On July 25, 2023, Vietnam’s Minister of Industry and Trade, Nguyen Hong Dien, and Israel’s Minister of Economy and Industry, Nir Barkat, signed the Vietnam-Israel Free Trade Agreement (VIFTA). The agreement was signed at the Office of the Prime Minister of Israel, in the presence of the Prime Minister of the State of Israel, Benjamin Netanyahu, and the Deputy Prime Minister of the Socialist Republic of Vietnam, Tran Luu Quang.
Israel is a sovereign nation in the Middle East, located on the southeast coast of the Mediterranean Sea and the northern coast of the Red Sea. Despite its relatively small geographical area, Israel has made significant advancements in technology and scientific research, comparable to leading developed countries in the world.
With the newly signed VIFTA, Vietnamese businesses will have the opportunity to boost their exports to Israel. Conversely, Vietnam will gain easier access to preferential tax treatment for high-tech products and goods from Israel.
The economic structures of Vietnam and Israel complement each other and are not competitive, making bilateral cooperation highly advantageous. The import and export of goods between the two countries will fill in the gaps in each other’s economies, fostering their development in the years to come.
Through this cooperation, Vietnam and Israel are expected to achieve substantial advancements in investment, services, digital transformation, and technology.
The VIFTA is expected to serve as a lever to strengthen the cooperative relationship between Vietnam and Israel. The negotiations for the agreement took place amid the steadily improving bilateral ties, particularly in the economic and trade domains.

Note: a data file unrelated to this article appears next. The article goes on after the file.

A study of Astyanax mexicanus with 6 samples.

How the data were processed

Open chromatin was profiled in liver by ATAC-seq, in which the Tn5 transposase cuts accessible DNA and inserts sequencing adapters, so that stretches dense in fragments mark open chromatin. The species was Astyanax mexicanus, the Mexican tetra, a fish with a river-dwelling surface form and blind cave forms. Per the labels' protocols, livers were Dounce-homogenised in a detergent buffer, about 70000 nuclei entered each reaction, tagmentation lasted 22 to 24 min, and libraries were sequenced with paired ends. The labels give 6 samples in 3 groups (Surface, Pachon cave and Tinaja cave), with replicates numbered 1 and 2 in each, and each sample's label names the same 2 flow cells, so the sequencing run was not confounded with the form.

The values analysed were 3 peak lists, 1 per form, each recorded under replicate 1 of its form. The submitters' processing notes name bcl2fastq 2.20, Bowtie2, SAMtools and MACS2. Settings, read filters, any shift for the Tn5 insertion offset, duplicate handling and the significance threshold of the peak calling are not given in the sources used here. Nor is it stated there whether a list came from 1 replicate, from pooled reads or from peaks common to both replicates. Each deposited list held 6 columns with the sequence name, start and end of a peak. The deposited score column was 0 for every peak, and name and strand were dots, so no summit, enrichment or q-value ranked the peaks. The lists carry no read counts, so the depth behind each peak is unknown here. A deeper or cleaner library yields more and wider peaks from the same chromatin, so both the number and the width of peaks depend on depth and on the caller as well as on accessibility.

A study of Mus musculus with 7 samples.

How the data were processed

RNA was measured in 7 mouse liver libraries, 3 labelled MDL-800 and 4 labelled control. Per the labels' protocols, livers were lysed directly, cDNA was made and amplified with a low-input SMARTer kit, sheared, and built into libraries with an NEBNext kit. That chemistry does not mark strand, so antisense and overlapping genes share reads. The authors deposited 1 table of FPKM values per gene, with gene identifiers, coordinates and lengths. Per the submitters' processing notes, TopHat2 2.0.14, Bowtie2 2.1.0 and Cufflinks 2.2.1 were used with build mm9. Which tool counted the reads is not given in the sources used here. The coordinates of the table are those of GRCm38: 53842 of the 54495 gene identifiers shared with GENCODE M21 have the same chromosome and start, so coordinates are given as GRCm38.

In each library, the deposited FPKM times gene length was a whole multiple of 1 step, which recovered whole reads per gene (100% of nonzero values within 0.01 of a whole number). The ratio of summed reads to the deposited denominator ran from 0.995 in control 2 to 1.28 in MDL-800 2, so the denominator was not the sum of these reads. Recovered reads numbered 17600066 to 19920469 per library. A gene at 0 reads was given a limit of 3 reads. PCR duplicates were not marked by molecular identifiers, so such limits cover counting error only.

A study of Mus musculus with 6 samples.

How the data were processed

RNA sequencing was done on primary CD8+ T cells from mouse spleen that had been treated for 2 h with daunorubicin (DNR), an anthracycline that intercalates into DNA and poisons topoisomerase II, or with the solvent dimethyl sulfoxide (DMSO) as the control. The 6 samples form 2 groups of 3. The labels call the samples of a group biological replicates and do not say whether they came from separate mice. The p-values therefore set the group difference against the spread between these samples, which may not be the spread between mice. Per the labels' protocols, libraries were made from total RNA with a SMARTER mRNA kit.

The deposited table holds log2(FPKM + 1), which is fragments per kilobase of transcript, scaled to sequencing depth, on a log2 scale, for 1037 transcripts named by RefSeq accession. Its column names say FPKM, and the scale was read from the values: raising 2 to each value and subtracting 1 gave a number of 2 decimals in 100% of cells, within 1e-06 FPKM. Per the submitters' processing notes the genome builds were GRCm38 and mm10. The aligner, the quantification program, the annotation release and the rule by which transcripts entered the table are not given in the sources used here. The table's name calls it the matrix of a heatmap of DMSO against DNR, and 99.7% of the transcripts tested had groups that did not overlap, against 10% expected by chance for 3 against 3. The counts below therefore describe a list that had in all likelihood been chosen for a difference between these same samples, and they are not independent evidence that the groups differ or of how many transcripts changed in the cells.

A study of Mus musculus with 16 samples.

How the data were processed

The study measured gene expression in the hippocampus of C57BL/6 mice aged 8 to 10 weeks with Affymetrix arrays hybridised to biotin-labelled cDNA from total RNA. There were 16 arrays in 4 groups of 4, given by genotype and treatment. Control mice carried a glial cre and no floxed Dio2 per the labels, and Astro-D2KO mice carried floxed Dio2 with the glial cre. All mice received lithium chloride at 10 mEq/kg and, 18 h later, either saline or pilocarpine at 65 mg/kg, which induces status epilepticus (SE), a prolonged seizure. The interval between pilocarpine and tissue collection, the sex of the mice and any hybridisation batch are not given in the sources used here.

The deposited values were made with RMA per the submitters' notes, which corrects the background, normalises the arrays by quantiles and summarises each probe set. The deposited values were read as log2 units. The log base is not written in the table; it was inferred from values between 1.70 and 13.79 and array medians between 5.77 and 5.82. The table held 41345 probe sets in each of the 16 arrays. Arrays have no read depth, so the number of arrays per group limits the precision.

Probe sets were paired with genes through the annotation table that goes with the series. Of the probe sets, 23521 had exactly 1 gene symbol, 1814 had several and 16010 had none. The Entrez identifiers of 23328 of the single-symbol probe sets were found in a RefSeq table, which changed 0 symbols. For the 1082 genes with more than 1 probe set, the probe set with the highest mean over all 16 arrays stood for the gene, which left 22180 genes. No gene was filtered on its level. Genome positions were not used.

Israel is the first country in Western Asia with which Vietnam has signed an FTA, while Vietnam is the first country in Southeast Asia with which Israel has signed an FTA.
The signing of VIFTA marks the result of relentless efforts from both nations over a period of 7 years and 12 rounds of negotiations, commemorating 30 years of diplomatic relations. Israel is currently one of Vietnam’s major partners in trade, investment, and labor in Western Asia.
The implementation of VIFTA will contribute to reducing production and business costs, enhancing the competitiveness of Vietnamese goods in neighboring markets such as the Middle East, North Africa, and Southern Europe.
Conversely, alongside Vietnam’s population of over 100 million people, Israeli goods and technology will have opportunities to access markets in Southeast Asia, the Asia-Pacific region, and other major economies participating in the 16 FTAs that Vietnam has joined.
The agreement consists of 15 chapters and several appendices covering fundamental areas such as trade in goods, services and investments, rules of origin, technical barriers to trade (TBT), sanitary and phytosanitary measures (SPS), customs, trade remedy, government procurement, and legal and institutional matters.
With the agreements reached in all chapters, particularly the strong commitments from both sides to increase the overall rate of trade liberalization to 92.7% of tariff lines by the end of Israel’s commitment period and 85.8% for Vietnam, the representatives of Vietnam and Israel expect that bilateral trade will experience remarkable growth, reaching $3 billion and beyond in the near future.
However, signing new trade agreements also entails certain risks, especially in the area of Trade Remedy. As preferential tax benefits are applied, Vietnamese companies may tend to expand their production and exportation to the preferential market like Israel, which could lead to Israel investigating allegations of dumping against imported products from Vietnam.
Conversely, Vietnam also needs to be cautious if high-tech products from Israel flood the Vietnamese market, dominating it and potentially impacting the interests and development capacity of Vietnamese companies in the technology sector.